Kentucky Senator Rand Paul’s decision to back a pathway to citizenship for undocumented immigrants is a new and important milepost on the long road to a comprehensive immigration bill. In a speech Tuesday morning to the U.S. Hispanic Chamber of Commerce, the Tea Party favorite urged conservatives to embrace immigration reform, arguing that the status quo is untenable and the Republican Party should help shape legislation to overhaul a balky immigration system.
“Immigration reform will not occur until conservative Republicans, like myself, become part of the solution. I am here today to begin that conversation,” Paul said. “Let’s start that conversation by acknowledging we aren’t going to deport 12 million illegal immigrants. If you wish to work, if you wish to live and work in America, then we will find a place for you.”
The path to citizenship favored by Paul differs in important ways from the framework that a bipartisan group of his Senate colleagues are currently hashing out. The Kentuckian’s vision is predicated on a secure border, which would have to be certified by border patrol forces and upheld by Congress. It calls for a bipartisan Congressional panel to determine how many work visas to hand out, an issue that Senate negotiators have partially delegated to powerful labor unions and business groups. It would not include a national ID card or a mandatory E-Verify program, which many conservatives favor.
But Paul’s speech was the latest sign that conservatives are ready to jettison their staunch opposition to granting illegal immigrants the privilege of citizenship.”The solution doesn’t have to be amnesty or deportation. A middle ground might be called probation, where those who came illegally become legal through a probationary period,” said Paul, who offered scant details about how the transition would work.
Instead, Paul’s speech was peppered with references to his upbringing alongside Latinos in Texas and his love of Latin culture. This focus, on the human side of a thorny policy issue, underscores the belief within the GOP that its toxic rhetoric on immigration has come to jeopardize its political future. “The vast majority of Latino voters agree with us on these issues, but Republicans have pushed them away with harsh rhetoric over immigration,” Paul said. “Republicans have been losing both the respect and votes of a group of people who already identify with our belief in family, faith, and conservative values. Hispanics should be a natural and sizable part of the Republican base.”
Indeed, Mitt Romney garnered a meager 27% of Hispanic voters in November. His dismal performance with Latinos has triggered a hairpin turn on immigration for many Republicans, including Paul himself. In 2009, the Tea Party upstart proposed building an underground electrified fence as a way to secure the border. Last August, the Republican Party adopted a national platform that backed “self-deportation” and mandatory employer checks as solutions to the problem of illegal immigration. On Monday, a report on the future of the Republican Party commissioned by the RNC recommended that it “embrace and champion” comprehensive reforms.
This shift is particularly prominent among prospective 2016 presidential contenders. Paul, who is fresh off a filibuster opposing the Obama Administration’s drone policy that earned bipartisan plaudits and who won the straw poll at the Conservative Political Action Conference on Saturday, becomes the fourth potential candidate to embrace immigration reform. New Jersey Governor Chris Christie is a longtime proponent. Republican Senator Marco Rubio of Florida is a member of the Senate’s Gang of Eight on immigration. And on the House side, Wisconsin Congressman Paul Ryan — who cosponsored a bipartisan 2005 bill to initiate comprehensive reform without amnesty — is serving as an adviser to the not-so-secret bipartisan group of eight representatives who are quietly hashing out their own parallel framework.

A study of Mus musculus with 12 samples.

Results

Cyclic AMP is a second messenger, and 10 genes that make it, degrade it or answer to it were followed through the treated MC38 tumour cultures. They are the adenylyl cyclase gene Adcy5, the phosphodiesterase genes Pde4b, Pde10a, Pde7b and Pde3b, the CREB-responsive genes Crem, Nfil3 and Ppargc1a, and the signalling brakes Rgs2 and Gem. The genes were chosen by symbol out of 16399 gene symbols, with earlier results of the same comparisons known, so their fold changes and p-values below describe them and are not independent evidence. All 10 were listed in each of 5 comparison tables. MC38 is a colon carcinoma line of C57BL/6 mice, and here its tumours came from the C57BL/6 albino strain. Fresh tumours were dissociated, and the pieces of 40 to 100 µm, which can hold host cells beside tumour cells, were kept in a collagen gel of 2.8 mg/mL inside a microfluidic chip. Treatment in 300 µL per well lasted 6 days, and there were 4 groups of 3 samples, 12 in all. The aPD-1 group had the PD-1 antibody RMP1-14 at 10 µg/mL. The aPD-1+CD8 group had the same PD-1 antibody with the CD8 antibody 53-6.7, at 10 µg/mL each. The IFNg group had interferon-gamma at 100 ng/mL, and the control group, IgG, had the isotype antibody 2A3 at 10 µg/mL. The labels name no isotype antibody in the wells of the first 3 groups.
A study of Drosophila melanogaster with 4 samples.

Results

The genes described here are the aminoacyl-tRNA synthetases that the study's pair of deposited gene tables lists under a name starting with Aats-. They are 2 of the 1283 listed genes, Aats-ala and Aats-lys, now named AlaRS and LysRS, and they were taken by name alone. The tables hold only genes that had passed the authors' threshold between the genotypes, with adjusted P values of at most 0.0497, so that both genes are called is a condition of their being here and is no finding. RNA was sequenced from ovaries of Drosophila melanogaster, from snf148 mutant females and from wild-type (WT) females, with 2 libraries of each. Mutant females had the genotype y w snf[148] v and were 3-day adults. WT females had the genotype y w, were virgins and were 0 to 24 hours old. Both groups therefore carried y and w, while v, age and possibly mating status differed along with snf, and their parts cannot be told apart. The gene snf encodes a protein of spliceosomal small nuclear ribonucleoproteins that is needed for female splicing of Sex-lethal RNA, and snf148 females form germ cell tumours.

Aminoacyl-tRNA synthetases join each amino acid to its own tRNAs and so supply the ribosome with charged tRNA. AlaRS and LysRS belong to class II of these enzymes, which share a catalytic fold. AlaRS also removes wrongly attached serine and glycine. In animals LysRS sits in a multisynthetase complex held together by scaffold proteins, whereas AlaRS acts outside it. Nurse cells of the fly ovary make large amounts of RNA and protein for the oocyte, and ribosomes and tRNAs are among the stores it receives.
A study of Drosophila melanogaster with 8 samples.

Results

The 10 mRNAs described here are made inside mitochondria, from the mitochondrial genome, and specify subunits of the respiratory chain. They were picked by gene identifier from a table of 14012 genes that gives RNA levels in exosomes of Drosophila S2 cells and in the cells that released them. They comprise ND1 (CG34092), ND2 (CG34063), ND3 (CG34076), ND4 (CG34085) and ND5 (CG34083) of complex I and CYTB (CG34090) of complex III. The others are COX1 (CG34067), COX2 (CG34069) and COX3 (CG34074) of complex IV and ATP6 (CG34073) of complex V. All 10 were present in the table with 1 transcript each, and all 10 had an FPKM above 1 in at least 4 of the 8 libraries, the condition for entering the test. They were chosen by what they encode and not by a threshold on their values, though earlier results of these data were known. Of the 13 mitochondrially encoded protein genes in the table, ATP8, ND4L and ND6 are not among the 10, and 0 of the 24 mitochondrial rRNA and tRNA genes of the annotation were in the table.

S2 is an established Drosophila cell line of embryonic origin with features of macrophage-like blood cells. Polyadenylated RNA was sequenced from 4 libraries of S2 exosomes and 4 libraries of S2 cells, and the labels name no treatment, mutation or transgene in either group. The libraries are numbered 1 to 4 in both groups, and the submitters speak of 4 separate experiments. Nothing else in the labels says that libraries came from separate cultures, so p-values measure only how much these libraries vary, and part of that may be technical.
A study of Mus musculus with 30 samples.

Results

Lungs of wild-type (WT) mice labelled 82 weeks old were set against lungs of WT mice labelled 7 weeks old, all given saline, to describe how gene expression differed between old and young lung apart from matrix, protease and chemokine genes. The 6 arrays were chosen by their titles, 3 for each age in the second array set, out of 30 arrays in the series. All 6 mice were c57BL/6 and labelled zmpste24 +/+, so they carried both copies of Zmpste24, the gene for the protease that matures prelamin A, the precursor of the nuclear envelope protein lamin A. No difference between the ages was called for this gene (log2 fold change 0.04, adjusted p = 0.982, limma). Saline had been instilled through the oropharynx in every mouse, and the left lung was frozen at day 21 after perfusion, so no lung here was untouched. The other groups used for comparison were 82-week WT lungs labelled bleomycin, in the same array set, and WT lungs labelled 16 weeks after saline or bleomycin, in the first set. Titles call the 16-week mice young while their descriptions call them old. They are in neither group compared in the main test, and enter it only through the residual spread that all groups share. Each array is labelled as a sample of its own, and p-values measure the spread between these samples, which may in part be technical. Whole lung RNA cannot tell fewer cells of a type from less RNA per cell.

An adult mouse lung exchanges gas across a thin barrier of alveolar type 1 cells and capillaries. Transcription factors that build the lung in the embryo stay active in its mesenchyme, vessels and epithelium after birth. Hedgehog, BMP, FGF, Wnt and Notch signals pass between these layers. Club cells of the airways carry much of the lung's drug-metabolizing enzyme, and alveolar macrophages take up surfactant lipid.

In private conversations, Ryan has sought to frame reform to fellow conservatives as both a moral and economic imperative. Paul took a similar tack in his speech Tuesday. “Prudence, compassion and thrift all point us toward the same goal: bringing these workers out of the shadows and into being taxpaying members of society,” he said. “Imagine 12 million people who are already here coming out of the shadows to become new taxpayers. Twelve million more people assimilating into society. Twelve million more people being productive contributors.”
That four viable Republican presidential candidates have urged the party to shift its position is a critical sign that the old political ice pack has shattered at the highest levels. In the 2012 race, Mitt Romney’s immigration advisers hailed from the restrictionist wing that crafted Arizona’s so-called show-me-your-papers law. Rick Perry was bruised by his support for in-state tuition for the children of illegal immigrants.
Now, most Republicans in Washington have come to recognize the political damage their dogma has inflicted. Many think stasis is more dangerous than substantive change, regardless of how tricky the issue may be. “It’s significant,” Democratic Congressman Luis Gutierrez of Illinois, a longtime leader in the quest for comprehensive immigration-reform, said of Paul’s remarks at a Tuesday breakfast hosted by the Christian Science Monitor. “The moment is politically ripe,” Gutierrez added, to finally pass a bill in the narrow window between early April, when legislation will be introduced, and the end of July, when President Obama hopes to sign it into law.